Firepit from Smith & Hawken

Back yard fire pits of the sort offered by Smith and Hawken (pictured) are growing in popularity. The best of them, like this one, are designed to do more than just hold the embers up or get sparks in your drink. Landscape designers are calling these yard and deck ad-ons "fire features". We can see why they'd rename them to dissociate memories of the backyard cement block "pits" of the 1950's. Something more than re-marketing nostaligia is going on here, though, as there are hundreds of models available, ranging from the look of steel drum base on the ground to a teetering tower-of-fire-hazard on wheels. Some see the 'fire feature' as the logical add on to outdoor cooking, giving the deck a family room look. Sales babble aside, the real test comes on a skewer. When guest arrival is spread across the evening, make up Shesh Kabobs in advance, using long metal skewers, and let them cook their own as they arrive.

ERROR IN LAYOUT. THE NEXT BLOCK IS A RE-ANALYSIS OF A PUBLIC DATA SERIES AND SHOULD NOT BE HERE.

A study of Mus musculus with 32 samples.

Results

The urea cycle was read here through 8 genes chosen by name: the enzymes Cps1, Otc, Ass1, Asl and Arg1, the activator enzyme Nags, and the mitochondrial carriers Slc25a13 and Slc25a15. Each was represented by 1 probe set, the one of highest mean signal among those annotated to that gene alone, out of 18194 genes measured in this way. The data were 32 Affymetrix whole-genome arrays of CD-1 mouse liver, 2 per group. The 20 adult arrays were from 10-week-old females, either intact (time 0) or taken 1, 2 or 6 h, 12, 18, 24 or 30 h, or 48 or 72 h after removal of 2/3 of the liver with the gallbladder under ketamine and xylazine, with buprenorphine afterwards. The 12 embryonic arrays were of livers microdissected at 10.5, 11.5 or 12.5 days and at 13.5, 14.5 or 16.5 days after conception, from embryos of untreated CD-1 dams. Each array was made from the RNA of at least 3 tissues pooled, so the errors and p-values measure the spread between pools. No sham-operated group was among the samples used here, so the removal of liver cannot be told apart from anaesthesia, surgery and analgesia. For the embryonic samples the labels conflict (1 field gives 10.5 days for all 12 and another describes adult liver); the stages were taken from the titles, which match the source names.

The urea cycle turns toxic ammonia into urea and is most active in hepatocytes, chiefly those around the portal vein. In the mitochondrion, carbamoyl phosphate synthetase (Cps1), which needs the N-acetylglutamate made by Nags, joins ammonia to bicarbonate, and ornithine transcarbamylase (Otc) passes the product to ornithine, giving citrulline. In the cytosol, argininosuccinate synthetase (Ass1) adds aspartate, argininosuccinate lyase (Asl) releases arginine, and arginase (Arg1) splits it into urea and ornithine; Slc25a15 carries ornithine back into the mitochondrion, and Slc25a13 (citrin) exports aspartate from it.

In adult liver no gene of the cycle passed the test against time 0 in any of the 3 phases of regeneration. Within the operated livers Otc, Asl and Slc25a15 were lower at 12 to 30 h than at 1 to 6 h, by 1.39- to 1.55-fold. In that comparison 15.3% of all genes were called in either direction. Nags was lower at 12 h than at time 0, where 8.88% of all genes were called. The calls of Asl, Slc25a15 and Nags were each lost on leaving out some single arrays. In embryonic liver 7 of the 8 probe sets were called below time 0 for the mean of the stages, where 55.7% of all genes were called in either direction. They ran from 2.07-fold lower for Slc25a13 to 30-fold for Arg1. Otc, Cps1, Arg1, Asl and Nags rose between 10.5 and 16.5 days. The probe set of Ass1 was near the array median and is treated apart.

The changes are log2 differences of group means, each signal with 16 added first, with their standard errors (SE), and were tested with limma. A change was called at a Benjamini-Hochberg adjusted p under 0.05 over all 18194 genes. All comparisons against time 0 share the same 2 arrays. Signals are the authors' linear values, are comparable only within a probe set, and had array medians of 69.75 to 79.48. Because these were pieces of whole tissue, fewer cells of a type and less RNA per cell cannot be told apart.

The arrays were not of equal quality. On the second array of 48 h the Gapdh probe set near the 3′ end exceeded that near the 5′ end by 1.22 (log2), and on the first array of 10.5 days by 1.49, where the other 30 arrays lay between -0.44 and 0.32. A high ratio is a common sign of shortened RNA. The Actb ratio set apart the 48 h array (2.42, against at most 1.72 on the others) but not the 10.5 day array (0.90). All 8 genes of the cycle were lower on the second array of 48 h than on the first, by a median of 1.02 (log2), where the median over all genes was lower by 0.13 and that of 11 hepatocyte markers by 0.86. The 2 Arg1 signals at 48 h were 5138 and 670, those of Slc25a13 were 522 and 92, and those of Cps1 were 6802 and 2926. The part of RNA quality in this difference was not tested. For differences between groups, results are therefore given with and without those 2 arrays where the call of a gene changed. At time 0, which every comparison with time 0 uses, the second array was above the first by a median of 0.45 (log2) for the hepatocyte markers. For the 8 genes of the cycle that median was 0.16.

Earlier this yeat, TreeHugger posted a story on a fire pit made of 100% copper. Though not often stated, ordinary steel is commonly in 95 to 98% recycled range.

Wonder if these things bypass the indoor fireplace or woodstove emission standards?

=== Addendum to Original Post Follows ===
Wood burning impact on air quality is measured by EPA using the surrogate indicators of particulate matter, carbon monoxide, and sulfur dioxide. As the following links indicate, a relatively small fraction of the total land area of the US is at risk for exceedance of air quality standards for these. It is in such areas that limitations are put upon use and design of wood burning devices.

For a US map depicting counties which do not attain air quality standards for PM-10 Particulate Matter click here. The PM-10 non-attainment map indicates places where added smoke from fire places, grilles, wood stoves, and fire pits would be considered a health risk. For counties not meeting carbon monoxide standards, a hazard strongly influenced by transportation fuel combustion as well as by wood burning, click here. Finally, for counties with sulfur dioxide non-attainment problems click here.